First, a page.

ALVARADO, HERNANDO DE (?–?). Hernando de Alvarado, captain of artillery on the Coronado expedition, saved the life of his commander during the storming of Hawiku pueblo. On August 29, 1540, he commanded a side expedition commissioned to explore the region to the east and the north for eighty days and to investigate the reports of cows or buffalo. Alvarado's command passed the Acoma pueblo, the land of the Tiguex Indians, and at the Pecos pueblo acquired El Turco as a guide to the cow herds. El Turco's tales of gold and silver caused the group to lose interest in cows, but the Spaniards continued until buffalo herds had been sighted, thus becoming the first known Europeans to visit the High Plains.

After rejoining Coronado at Tiguex, where hehad moved for the winter at Coronado's suggestion, Alvarado went back to Pecos to demand some gold bracelets that El Turco reported had been taken from him at the time of his capture. No bracelets were found, and, feeling he had been deceived by the Indians of Pecos, Alvarado seized the Indian governor and his aide and put them in chains. This seizure of the Indian chief in violation of Spanish assurances of friendship caused the Indians to cease cooperation.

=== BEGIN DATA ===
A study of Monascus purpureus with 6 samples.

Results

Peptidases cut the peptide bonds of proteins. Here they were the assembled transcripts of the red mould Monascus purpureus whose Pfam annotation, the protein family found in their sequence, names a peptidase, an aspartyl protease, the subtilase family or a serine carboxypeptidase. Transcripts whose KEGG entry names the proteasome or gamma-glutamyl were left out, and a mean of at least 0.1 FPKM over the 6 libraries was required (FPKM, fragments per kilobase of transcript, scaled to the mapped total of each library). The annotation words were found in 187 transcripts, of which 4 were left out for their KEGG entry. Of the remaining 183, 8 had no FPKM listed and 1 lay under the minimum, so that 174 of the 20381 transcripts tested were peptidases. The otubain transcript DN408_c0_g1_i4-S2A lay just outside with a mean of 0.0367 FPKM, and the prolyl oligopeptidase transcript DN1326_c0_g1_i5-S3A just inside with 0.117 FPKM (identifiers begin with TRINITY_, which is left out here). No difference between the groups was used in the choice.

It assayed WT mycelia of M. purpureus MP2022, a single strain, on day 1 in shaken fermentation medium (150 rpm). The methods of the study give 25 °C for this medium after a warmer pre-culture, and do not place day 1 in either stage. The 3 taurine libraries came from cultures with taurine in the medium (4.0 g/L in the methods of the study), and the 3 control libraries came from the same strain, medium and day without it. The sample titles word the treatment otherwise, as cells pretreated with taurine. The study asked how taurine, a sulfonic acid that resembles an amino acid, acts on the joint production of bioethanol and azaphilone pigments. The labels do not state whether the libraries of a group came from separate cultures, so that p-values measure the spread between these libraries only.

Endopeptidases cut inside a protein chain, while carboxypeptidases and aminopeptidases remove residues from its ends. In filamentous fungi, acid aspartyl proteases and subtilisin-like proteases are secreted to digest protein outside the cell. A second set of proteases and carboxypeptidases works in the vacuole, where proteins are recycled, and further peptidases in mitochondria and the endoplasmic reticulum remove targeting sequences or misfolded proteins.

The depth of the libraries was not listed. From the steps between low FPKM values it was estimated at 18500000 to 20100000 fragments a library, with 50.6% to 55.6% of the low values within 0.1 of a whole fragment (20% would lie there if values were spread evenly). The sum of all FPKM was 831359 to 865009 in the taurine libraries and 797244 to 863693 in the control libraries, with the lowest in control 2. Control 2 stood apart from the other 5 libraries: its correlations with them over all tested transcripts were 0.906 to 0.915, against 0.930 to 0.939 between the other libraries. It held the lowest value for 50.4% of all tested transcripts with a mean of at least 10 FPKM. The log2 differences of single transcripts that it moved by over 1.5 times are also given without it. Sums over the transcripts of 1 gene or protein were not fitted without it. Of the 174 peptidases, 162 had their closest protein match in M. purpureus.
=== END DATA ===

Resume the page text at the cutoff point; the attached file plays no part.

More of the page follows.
BIBLIOGRAPHY: 

Hubert Howe Bancroft, History of Arizona and New Mexico, 1530–1888 (San Francisco: History Company, 1889; facsimile ed., Albuquerque: Horn and Wallace, 1962). Carlos E. Castañeda, Our Catholic Heritage in Texas (7 vols., Austin: Von Boeckmann-Jones, 1936–1958; rpt., New York: Arno, 1976). Frederick Webb Hodge and Theodore H. Lewis, eds., Spanish Explorers in the Southern United States, 1528–1543 (New York: Scribner, 1907; rpt., Austin: Texas State Historical Association, 1984).

Citation

The following, adapted from the Chicago Manual of Style, 15th edition, is the preferred citation for this article.

"ALVARADO, HERNANDO DE," Handbook of Texas Online (http://www.tshaonline.org/handbook/online/articles/fal52), accessed April 16, 2014. Uploaded on June 9, 2010. Published by the Texas State Historical Association.